Have Wilco ever come up with a better song than "Impossible Germany"? For the first three minutes, it's a mysterious soft-rock ballad with jazzy chords filtered through stoner-country guitar licks, like some lost outtake from Steely Dan's Katy Lied. Jeff Tweedy mumbles about isolation in his most beaten-up-by-life voice. Then, in the final three minutes, it builds into a twin-guitar epic, with Tweedy in the left speaker reinventing Fleetwood Mac circa Bare Trees, and Nels Cline in the right speaker reinventing Television circa Adventure. There's no noise, none of the spazzed-out distortion of the last few Wilco records: It's peaceful on the surface, demented underneath. After a hundred listens or so, you start to notice that even the lyrics, not always a Wilco specialty, are pretty excellent. Even if mellowed-out guitar jammery isn't your cup of tea, respect is due — this is the kind of song nobody ever gets right.
If everything on Sky Blue Sky were as amazing as "Impossible Germany," there would be nothing to complain about — but what fun would that be? Wilco are the kind of band that really likes to make people complain. So the Chicago boys have done another scandalous about-face, retreating to the light, sweetly zonked country rock we all thought they got out of their system years ago. The soft sound of the album will befuddle some of the fans they picked up with Yankee Hotel Foxtrot and A Ghost Is Born. With guitar whiz Cline on board, they seemed to be heading in a more rocking direction — for many of us, the 2005 live album Kicking Television was their finest hour. Cline's presence is more low-key here, but so is everything else about the album. Sky Blue Sky (great title — Allman Brothers via Laurie Anderson) is understated, erratic, often beautiful, disarmingly simple music; it really sounds like six guys playing in a room, and no doubt that's how they wanted it.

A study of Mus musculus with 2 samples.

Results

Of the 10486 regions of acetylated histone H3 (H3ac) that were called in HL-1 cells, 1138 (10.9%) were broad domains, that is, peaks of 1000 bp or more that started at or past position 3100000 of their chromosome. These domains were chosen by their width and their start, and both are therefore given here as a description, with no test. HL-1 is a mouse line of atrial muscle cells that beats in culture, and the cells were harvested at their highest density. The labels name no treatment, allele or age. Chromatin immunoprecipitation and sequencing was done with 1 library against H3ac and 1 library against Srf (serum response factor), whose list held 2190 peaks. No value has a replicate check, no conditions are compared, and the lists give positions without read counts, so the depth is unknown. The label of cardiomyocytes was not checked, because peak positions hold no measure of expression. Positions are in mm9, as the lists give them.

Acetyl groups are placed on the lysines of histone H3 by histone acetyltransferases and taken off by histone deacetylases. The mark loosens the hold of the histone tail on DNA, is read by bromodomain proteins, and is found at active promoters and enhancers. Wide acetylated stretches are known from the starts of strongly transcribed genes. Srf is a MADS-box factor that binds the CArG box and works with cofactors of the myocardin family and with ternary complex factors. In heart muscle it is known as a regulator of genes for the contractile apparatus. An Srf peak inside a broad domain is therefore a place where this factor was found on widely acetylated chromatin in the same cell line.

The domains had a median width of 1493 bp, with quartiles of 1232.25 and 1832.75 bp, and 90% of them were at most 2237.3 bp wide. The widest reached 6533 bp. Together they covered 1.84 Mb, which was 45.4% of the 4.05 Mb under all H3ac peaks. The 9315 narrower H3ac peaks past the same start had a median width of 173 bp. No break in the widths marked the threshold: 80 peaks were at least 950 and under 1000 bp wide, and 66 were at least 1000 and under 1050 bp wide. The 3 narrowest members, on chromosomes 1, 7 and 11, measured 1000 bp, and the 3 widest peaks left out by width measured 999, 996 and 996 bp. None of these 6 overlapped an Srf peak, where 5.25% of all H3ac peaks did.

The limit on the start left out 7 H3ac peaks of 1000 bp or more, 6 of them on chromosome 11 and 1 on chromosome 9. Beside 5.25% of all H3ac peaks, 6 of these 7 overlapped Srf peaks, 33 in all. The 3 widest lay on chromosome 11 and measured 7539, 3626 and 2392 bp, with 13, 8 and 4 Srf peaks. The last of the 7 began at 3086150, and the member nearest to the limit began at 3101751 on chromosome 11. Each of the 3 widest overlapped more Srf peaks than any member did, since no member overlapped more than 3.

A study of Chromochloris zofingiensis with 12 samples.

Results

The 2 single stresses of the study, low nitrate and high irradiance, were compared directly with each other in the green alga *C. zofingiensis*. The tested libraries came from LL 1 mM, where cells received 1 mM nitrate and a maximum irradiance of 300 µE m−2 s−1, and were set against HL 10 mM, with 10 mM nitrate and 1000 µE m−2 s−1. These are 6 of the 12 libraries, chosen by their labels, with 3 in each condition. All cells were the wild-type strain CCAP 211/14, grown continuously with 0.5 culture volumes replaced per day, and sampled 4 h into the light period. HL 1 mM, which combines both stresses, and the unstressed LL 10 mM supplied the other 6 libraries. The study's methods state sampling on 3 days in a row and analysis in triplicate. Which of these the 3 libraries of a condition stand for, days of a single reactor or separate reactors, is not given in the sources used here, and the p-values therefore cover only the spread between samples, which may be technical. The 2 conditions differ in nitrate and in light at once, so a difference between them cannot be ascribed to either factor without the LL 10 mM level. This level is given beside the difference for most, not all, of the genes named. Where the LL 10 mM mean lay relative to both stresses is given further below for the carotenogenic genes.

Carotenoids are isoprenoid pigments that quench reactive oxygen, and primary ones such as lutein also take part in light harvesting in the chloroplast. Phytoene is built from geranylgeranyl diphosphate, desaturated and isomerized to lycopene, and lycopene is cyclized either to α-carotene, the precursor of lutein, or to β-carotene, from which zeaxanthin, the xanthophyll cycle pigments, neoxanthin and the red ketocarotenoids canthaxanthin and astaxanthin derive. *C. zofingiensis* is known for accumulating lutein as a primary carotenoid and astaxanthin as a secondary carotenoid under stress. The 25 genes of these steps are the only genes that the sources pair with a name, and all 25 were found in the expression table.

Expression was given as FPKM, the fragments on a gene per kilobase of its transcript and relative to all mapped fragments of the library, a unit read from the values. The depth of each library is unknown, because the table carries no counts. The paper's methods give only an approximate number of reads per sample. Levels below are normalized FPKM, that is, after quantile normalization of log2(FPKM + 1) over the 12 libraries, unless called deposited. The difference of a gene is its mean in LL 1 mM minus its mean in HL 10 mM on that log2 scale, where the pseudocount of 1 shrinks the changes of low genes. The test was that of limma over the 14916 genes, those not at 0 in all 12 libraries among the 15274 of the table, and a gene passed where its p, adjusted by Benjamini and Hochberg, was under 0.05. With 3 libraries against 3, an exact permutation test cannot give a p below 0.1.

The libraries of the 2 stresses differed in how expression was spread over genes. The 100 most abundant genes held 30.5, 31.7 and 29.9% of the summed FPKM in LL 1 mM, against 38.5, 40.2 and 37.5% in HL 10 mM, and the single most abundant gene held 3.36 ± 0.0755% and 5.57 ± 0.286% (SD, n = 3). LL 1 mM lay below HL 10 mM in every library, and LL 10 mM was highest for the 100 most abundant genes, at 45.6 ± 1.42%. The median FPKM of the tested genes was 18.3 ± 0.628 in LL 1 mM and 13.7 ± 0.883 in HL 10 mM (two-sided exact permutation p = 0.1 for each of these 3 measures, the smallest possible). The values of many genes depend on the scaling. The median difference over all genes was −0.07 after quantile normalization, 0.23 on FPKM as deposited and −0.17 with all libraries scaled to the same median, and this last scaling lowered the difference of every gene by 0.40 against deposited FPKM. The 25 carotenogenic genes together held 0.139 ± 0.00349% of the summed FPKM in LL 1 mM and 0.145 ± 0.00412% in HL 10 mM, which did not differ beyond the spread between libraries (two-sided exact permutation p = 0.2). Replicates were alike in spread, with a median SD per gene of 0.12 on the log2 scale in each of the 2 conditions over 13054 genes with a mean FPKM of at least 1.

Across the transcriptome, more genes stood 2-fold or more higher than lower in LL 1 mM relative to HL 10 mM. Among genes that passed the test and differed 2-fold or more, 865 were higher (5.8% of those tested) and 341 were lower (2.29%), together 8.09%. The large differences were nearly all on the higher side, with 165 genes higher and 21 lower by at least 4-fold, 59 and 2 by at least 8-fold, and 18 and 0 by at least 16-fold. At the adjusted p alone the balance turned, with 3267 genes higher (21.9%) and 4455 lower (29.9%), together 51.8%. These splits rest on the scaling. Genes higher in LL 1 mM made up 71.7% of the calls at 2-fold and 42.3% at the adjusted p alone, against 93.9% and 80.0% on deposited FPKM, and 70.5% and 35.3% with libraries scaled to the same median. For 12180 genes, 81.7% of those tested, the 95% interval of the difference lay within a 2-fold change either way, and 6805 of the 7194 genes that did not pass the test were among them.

"Either Way" sets the tone straight off — it's a slight ditty with the acoustic-guitar intro from "Blowin' in the Wind." There's a string section, plus a really, really terrible guitar solo that sounds like a Pat Metheny clone grooving to the Weather Channel, which makes sense, since Tweedy is singing about the sun, clouds, etc. The vocal is so straightforward you wonder if Tweedy's putting you on, but he's not — he's reveling in clarity and simplicity, from the vaudeville piano roll "Walken" to the hippie-gospel hymn "What Light." He's obviously been listening to a lot of Grateful Dead lately ("You Are My Face") as well as Stephen Malkmus ("Shake It Off"). The influence of Jim O'Rourke, who helped Wilco discover noise on Yankee Hotel Foxtrot, is noticeably absent, down to a couple of orchestral arrangements. Some of the 1970s soft-rock tropes work (dig that Basement Tapes organ), others don't (Lord, stomp that wood block). The guitar freakouts are great, especially the two-minute Crazy Horse eruption in the middle of "You Are My Face" and the woozy coda to "Side With the Seeds," which sounds like Robert Fripp doodling over Pavement's "Stop Breathing."
As you'd expect, there are some mighty sleepy moments, mostly pushed to the middle of the album ("Please Be Patient With Me"). But the band's light touch adds the right emotional timbre to the music. If Tweedy's trying hard to sound clear and simple, he has good reason — a few stray lyrics refer to his harrowing rehab experience, and he ends with "On and On and On," a touching tune for his widowed father. Indeed, the smooth style of Sky Blue Sky, especially the emphasis on mellow crowd-pleasers, could be a twelve-stepper's apology to his fans, band and muse for past dramatics. But more likely Tweedy's too smart and too sincere to fake a turmoil he isn't feeling these days — he holds these songs together with steady nerves and a satisfied mind.